Law firms are “way ahead” of in-house lawyers in adoption of legal tech and the latter need to “grasp the nettle”, the chief executive of a start-up which helps corporate counsel manage their workload has argued.
Paul Massey, CEO of Tabled, said many in-house teams were so busy struggling to cope with the work coming in that they “hardly have the time to look up” and think about inefficiencies.
Mr Massey said the pace of adoption of new technology would be determined largely by whether in-house lawyers demanded it.
Speaking at the Westminster Legal Policy Forum event on legal technology in London this week, he said it was time for in-house and public sector lawyers to “grasp the nettle” and “demand that things are done differently”.
He went on: “I would not say the problem is the conservative nature of in-house lawyers. It’s more that in-house teams are struggling to cope with the amount of work coming in. They hardly have the time to look up and see ‘we’re inefficient here’ or ‘we’re bottlenecked in this area’.”
Mr Massey said things were “even more depressing” when you looked at the kind of technology some in-house lawyers were adopting. He said one GC had just told him she spent 25% of her technology budget on a product that “her clients hate and don’t want to use”.
However, he said the situation was improving, with the “rise of legal operations personnel” and more generous technology budgets.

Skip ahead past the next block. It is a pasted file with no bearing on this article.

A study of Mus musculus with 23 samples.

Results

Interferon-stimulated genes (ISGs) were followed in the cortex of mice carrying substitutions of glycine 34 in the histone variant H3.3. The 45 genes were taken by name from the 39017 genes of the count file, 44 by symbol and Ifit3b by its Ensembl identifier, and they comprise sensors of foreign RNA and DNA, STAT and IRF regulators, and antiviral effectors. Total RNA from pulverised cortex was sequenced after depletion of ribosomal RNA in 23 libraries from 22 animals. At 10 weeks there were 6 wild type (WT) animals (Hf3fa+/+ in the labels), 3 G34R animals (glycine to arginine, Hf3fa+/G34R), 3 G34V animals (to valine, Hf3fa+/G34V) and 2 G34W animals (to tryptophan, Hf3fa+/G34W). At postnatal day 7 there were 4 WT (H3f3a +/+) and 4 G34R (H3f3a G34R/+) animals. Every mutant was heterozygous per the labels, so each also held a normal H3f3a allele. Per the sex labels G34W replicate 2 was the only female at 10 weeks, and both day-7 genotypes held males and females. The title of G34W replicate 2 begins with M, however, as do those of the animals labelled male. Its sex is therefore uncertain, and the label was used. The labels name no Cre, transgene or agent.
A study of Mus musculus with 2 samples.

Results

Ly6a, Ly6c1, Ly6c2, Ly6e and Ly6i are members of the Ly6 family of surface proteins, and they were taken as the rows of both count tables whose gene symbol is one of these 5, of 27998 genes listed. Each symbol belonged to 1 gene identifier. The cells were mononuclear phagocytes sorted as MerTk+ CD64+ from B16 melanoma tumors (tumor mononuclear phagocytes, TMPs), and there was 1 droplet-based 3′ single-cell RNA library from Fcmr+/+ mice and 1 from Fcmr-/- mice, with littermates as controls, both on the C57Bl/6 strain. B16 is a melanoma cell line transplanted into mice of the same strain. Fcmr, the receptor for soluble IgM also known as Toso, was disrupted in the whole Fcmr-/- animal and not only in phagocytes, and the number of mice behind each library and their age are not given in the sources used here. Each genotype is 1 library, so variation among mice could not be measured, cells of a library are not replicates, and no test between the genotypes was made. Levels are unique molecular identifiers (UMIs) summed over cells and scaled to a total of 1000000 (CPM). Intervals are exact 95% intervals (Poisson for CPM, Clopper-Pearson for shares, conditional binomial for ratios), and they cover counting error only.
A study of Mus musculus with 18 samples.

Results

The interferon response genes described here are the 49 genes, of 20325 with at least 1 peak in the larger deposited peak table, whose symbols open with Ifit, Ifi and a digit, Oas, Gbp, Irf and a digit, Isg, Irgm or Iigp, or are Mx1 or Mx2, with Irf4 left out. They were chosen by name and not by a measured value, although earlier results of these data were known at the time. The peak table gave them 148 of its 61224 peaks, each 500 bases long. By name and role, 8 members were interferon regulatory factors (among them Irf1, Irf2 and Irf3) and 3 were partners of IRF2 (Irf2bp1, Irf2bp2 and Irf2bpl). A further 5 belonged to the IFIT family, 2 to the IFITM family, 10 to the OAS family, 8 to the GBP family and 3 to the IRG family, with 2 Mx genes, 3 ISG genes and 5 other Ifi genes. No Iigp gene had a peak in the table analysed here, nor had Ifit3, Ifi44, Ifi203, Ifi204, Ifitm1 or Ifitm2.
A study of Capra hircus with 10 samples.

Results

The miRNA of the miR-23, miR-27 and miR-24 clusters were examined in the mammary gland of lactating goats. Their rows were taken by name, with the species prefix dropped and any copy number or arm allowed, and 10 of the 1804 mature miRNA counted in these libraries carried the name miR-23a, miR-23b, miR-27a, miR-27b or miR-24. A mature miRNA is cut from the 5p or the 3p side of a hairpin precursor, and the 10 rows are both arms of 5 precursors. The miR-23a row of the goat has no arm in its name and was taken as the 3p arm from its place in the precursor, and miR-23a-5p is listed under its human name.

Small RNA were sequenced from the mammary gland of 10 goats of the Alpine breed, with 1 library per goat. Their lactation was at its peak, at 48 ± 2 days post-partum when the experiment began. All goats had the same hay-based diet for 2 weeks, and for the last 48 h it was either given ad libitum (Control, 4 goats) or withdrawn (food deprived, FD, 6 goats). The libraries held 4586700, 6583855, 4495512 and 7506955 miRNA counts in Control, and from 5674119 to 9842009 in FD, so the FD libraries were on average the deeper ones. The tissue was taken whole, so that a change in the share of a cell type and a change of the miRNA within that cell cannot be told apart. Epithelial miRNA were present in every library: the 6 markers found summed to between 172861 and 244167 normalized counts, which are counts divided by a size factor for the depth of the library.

Mr Massey said funding from the private sector for legal tech “was not really a problem” and was growing over time.
“The challenge for investors to be patient enough to wait for the type of onboarding that it takes to get adoption, particularly from the in-house teams.
“The venture capitalists I speak to want to see certain metrics in a year’s time. It may take us slightly longer to get there, but actually the disruption is there to be had.
“Where will it come from? There’s a huge number of AI solutions out there, a huge number of legal tech products. It is quite difficult for in-house teams to evaluate this and understand what the right product is for them.
“It’s up to us as lawyers to demonstrate that we are of value and tech has given us a way of doing that. Boards like to blame legal teams for slowing things down.
“It’s up to us. They’re not expecting us to ask for it because they’re not expecting us to surprise them.”
Earlier Emma Walton, knowledge and innovation manager at City firm Slaughter and May, agreed that there were a “huge range” of legal tech tools on the market and there was a similar challenge for law firms in choosing between them.
She said the first question was whether the tools would “make the lives of our lawyers better”, so they got home earlier and were under less stress.
The second was whether the technology would add value for clients.
“Lawyers and clients have to be part of the conversation with legal tech companies. Some technology may be fantastic or revolutionary but if users are not involved at an early enough stage, it’s unlikely to be adopted.”
Ms Walton said she was “not sure that everyone thinks robots will take over their jobs” but there was a “trust issue” with technology.
“Lawyers need to have complete confidence and trust in a tool, particularly if they will be accountable if it gives the wrong answer.”
Answering a question on barriers to innovation, Ms Walton said she did not think the legal tech available at the moment was “radical enough” to completely change the market.